We mean this statement in the nicest way possible, but Adam Rapoport is such a dude.
And yet, here he is, sitting in his office that overlooks the “canyon of Times Square,” getting ready to ship the June issue of Bon Appetit. It is his second as editor-in-chief of the famous food bible that no one would mistake for targeting the men’s mag set first.
How did Rapoport get here?
First of all, he boasts the necessary foodie background needed to helm the venerable publication: He served a three-year stint as Time Out New York‘s restaurant section editor, had a position as a writer and editor at the James Beard Foundation, and penned frequent pieces about culinary trends in his previous job as style editor of GQ.
Second, his old boss thought he would be great for the gig.
“[GQ‘s editor-in-chief] Jim Nelson sent me an email that said, ‘I hate to lose you, but I think you’d be really good for this job,'” an impeccably dressed Rapoport told The Wire on Wednesday afternoon. “If Jim had not sent that email, I wouldn’t be sitting here.”
The University of California, Berkeley grad applied for the job, had numerous interviews with various Conde executives, and eventually impressed Si Newhouse and the rest of the company enough for them to offer him the position.
Now comes the difficult part, adding life and energy to a book that many feel has lost its way while not alienating (too many) of the fans who love the 1.5 million-circulation publication.
The cover of the first issue — a simple, elegant bowl of pasta al pomodoro with grated Parmesan — points in the direction Rapoport hopes to take.
“I do like just clean, modern, graphic composition,” he said. “I don’t like it too homey or too busy. That’s the look I lean towards. If you look throughout this magazine, it’s clean, it’s modern, it’s graphic, but it’s also real.”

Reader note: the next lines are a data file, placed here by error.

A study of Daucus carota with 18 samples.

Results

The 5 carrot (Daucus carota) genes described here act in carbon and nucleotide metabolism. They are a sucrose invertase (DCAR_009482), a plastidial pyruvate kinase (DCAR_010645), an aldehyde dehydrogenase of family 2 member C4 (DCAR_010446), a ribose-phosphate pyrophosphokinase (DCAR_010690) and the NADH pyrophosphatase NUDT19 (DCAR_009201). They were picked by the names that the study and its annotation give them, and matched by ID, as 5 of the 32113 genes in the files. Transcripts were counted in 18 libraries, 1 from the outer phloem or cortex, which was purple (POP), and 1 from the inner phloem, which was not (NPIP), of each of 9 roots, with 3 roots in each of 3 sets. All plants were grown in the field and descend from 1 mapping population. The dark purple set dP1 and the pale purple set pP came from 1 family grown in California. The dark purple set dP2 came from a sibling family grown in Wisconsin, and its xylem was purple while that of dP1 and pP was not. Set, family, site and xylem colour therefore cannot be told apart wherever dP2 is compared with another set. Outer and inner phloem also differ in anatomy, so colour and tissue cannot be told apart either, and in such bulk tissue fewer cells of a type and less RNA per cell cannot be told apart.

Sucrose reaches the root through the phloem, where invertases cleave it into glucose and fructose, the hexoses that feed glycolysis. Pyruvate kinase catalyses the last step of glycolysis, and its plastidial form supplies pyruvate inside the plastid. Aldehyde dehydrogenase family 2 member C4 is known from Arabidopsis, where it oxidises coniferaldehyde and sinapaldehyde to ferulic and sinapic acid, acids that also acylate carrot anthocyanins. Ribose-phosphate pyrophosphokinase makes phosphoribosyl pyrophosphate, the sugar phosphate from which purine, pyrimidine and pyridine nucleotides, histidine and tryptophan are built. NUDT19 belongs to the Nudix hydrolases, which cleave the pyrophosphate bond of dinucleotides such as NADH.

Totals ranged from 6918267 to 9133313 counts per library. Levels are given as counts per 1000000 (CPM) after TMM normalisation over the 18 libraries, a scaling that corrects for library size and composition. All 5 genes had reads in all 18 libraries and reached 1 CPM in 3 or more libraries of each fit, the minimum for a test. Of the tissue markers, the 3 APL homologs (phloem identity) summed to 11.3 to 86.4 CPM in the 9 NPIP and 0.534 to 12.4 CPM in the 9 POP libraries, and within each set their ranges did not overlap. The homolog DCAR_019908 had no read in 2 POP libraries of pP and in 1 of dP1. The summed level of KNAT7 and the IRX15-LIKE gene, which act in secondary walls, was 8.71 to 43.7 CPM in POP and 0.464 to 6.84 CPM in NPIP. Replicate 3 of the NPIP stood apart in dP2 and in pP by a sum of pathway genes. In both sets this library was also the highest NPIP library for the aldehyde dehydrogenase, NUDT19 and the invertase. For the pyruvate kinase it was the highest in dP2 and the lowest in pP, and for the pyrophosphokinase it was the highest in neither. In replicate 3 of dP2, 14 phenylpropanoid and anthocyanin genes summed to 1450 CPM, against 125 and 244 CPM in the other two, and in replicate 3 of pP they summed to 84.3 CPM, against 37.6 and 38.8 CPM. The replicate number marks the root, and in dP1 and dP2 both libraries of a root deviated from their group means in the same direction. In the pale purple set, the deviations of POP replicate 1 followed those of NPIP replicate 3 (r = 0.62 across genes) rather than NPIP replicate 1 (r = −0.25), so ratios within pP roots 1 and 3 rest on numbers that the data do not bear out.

While the initial effort looks a bit like GQ-gone-food, he and his staff will continue to refine the look as they move forward. The June issue features new typefaces and font sizes as well as other subtle changes. They are taking into account reader feedback, trying to satisfy the majority of the readers, but also knowing that you can’t please all the people all the time. (Or if you do, you “are not taking a stand on anything.”)
One of the biggest changes in Rapoport’s job is a new focus on the business aspect of magazine publishing.
“That was made explicitly clear to me from Day 1, even before I had the job,” he said.
“In terms of business, it’s a huge part of the job but also nowadays a very explicit part of the job. Conde Nast let’s you know from the get go that we’re in a very different business landscape than we were five years ago. You are partners with your publisher. You are a brand manager. This is a business that you have to run. You have to know the numbers.”
That means sitting in on quarterly business meetings, developing ideas that will help generate revenue, and running a successful business, not just publishing an attractive, artistic venture.
And then there is the expansion of the Bon Appetit brand to television. It’s simple: In the new media landscape, a successful food magazine needs a show. Rapoport, who enjoys appearing on TV, and members of his staff are investigating the options and trying to find the appropriate outlet. There have been discussions about specific ideas but nothing concrete yet.
“We need a more focused project,” he said. “Is that straight cooking? Lifestyle? Dining out? Dining in? We’re trying to find a way to do it correctly.”
So there you have it: Adam Rapoport, total dude and food magazine editor-in-chief. The mix works. He fits in his new job perfectly, but that guy who “walks the GQ walk” will not disappear, especially if his sock choice says anything.
“They are Saint James, kind of thick but also stretchy. I could go on about this all day,” he said proudly with a smile and conviction that makes you believe him.
But what will he wear on his feet when the weather warms?
“Usually I go sockless in the summer, but I have yet to figure that out for this year,” he said.
He would sit and contemplate, but there is an olive oil tasting in the next room and his presence is needed. You get the sense that is where he would rather be anyway.